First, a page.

Security remains a pending issue for Mexico's mining industry

Bnamericas Published: Friday, January 06, 2023

Dealing with high levels of insecurity will remain one of the biggest challenges for the mining industry in Mexico this year, where although steps carried out by the government to combat crime have been received positively, the expected results have not been seen, according to various stakeholders.

"I think there is still a lot to be done regarding the issue of security in the country in general, even more in terms of mining security," Reyna Silver's exploration VP Ariel Navarro told BNamericas, although he described the intentions of federal and local governments as positive. "Hopefully there will be a prompt response or better than there has been so far," Navarro added.

Security is a major risk affecting mining companies in Mexico, as drug cartels vie for control in key mining states such as Sonora, Zacatecas, Chihuahua, Durango and Guerrero. On Thursday, in the northern state of Sinaloa, a new wave of violence erupted following the arrest of Ovidio Guzmán López, son of notorious narco kingpin "El Chapo" Guzmán, leaving at least 29 people dead.

The challenges have intensified in recent years in the sector due to the diversification of organized crime towards other lucrative activities after the collapse of income from drug trafficking.

More than two years after the government announced in October 2020 the creation of a mining police force, through the federal protection service (SPF) – a decentralized body of the citizen security and protection ministry – and the deployment of the first 120 specialized troops at Fresnillo’s La Herradura precious metals mine in Sonora, insecurity continues to be one of the main concerns of the sector.

The then commissioner of the SPF, Manuel Espino, announced that new courses would begin "soon" to cover the needs of the industry in all regions of the country, but this service implies costs for mining companies and in practice it was not rolled out as touted.

"Many efforts have been made, a mining police force was formed but it has not produced the desired results and there are armed people in mines. Putting armed people against armed people is something we have opposed," Luis Humberto Vázquez, president of the Mexican association of mining engineers, metallurgists and geologists (AIMMGM), told BNamericas in a recent interview.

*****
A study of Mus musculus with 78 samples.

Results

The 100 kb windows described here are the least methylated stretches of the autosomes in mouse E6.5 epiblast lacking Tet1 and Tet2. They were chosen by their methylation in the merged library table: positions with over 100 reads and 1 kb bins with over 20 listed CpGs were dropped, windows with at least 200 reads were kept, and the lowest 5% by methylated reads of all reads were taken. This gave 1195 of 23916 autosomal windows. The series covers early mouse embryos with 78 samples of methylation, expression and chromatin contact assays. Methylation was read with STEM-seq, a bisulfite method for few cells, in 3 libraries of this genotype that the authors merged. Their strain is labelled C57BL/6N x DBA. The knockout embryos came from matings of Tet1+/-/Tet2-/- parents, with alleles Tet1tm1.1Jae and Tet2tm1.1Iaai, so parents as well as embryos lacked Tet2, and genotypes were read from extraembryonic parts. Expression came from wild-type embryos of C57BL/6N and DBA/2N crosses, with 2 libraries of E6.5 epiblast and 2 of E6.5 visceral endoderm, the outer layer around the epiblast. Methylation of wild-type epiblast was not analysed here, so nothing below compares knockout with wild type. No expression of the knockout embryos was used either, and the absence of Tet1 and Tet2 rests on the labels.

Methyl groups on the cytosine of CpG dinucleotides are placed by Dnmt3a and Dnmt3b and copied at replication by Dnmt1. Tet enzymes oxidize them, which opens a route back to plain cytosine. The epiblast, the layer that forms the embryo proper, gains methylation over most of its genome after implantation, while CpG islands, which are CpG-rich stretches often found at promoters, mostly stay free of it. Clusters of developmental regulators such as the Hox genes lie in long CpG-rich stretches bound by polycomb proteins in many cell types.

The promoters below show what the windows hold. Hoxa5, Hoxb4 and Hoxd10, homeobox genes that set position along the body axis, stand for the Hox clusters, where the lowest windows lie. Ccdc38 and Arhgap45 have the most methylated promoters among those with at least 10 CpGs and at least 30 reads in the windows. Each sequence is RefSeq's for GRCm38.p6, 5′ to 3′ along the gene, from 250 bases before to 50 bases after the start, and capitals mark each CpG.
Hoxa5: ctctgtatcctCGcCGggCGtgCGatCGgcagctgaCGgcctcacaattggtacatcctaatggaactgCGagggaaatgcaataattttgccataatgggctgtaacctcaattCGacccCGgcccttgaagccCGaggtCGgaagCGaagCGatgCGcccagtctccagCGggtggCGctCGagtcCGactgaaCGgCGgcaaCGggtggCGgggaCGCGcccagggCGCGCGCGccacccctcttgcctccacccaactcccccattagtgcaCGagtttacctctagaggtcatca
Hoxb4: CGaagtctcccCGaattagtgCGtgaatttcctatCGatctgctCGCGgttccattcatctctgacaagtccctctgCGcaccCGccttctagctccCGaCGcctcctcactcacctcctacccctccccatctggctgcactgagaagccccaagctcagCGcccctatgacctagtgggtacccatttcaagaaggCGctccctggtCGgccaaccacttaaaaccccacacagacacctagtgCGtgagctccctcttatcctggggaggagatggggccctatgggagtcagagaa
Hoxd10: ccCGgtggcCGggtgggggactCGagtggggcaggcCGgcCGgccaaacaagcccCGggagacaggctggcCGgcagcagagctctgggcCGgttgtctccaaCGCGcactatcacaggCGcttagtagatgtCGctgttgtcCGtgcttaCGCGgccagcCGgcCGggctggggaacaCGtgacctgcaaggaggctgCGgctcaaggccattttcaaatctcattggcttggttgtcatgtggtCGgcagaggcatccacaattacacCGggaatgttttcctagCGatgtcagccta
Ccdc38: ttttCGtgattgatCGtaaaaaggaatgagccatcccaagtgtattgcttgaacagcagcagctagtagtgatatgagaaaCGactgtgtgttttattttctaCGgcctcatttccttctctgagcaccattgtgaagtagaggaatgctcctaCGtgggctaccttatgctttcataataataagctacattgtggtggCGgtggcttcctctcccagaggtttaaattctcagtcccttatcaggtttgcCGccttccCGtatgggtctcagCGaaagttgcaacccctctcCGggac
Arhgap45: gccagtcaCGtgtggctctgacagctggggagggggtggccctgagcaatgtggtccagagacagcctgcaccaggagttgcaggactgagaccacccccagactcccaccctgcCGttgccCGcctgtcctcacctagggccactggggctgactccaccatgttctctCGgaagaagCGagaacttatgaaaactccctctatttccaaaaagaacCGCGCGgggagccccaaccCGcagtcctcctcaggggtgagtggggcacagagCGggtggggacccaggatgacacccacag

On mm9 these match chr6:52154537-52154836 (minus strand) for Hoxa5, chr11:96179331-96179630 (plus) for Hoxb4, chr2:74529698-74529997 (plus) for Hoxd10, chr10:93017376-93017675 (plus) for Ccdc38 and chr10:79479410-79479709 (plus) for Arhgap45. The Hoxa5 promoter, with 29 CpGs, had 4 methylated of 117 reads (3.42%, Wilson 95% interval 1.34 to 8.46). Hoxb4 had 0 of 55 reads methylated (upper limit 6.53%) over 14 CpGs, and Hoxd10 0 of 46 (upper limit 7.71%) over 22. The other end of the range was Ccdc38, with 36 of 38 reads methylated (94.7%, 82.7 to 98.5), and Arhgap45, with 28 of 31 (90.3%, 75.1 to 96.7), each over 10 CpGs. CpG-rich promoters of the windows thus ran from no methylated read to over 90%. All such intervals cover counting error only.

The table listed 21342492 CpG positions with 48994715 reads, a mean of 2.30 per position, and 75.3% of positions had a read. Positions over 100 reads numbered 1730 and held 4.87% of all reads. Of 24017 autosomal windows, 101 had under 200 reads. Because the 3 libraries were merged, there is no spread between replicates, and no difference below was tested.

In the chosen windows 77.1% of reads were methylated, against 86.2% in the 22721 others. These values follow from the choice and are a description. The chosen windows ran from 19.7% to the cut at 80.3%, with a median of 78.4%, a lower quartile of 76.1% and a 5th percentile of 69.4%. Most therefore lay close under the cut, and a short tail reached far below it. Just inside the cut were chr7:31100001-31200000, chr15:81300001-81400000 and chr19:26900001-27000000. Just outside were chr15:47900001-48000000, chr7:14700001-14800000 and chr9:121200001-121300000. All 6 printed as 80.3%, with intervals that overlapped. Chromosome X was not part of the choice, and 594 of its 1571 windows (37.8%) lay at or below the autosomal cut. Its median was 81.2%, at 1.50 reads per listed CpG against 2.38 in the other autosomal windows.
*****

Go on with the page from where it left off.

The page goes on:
Karen Flores, executive director of Mexico’s chamber of mines (Camimex), said insecurity is worse in mining regions. "We are even more susceptible to illegal acts because we’re located in very remote regions and acts of insecurity have been registered, such as theft from mines, of minerals, which significantly impacts both the certainty of the market and the integrity of the collaborators in the mining sector," she told BNamericas.

Flores said Camimex has met with the defense ministry "to better develop the mining police and help address this problem."

In early December, Zacatecas state experienced a complex episode of violence that included road blockades after the assassination of the head of the national guard.

The president of Camimex, Jaime Gutiérrez, said at the presentation of its annual sustainability report that such events are common in the country, and that insecurity was "an additional mining tax" with associated costs of between 10-20% of the finished product due to theft.

In its latest annual report, Mexico ranked 34th in the investment attraction index of Canada’s Fraser Institute, but fell to 76th position in terms of security.


Currently, the mining police department of the northern state of Chihuahua is starting formal operations, after the first 30 officers were trained in mid-November with the support of the Chihuahua mining cluster Clumin.

The objective is to provide support to companies in matters such as the transport of minerals, according to the state government.

"At the state level we have a great example in Chihuahua where it was recently announced that they were going to create the first state mining police force. It will be a pilot but we consider it very positive for the sector," Camimex’s board stated.

"We hope that this mining police force [in Chihuahua] will not take long to materialize, which for me is a very good initiative ... and we also hope that other states copy this initiative, especially where there is a lot of mining and unfortunately a lot of insecurity, because practically all the states are suffering from insecurity,” said Reyna Silver’s Navarro, whose company operates in Sonora and Chihuahua states.

"The normal police have not functioned properly since the police forces have been overwhelmed by organized crime and by corruption in general that we experience throughout the country, although we cannot downplay the government's efforts to remedy the situation," he added.

Mexico is the world's top silver producer and a leading gold and copper producer.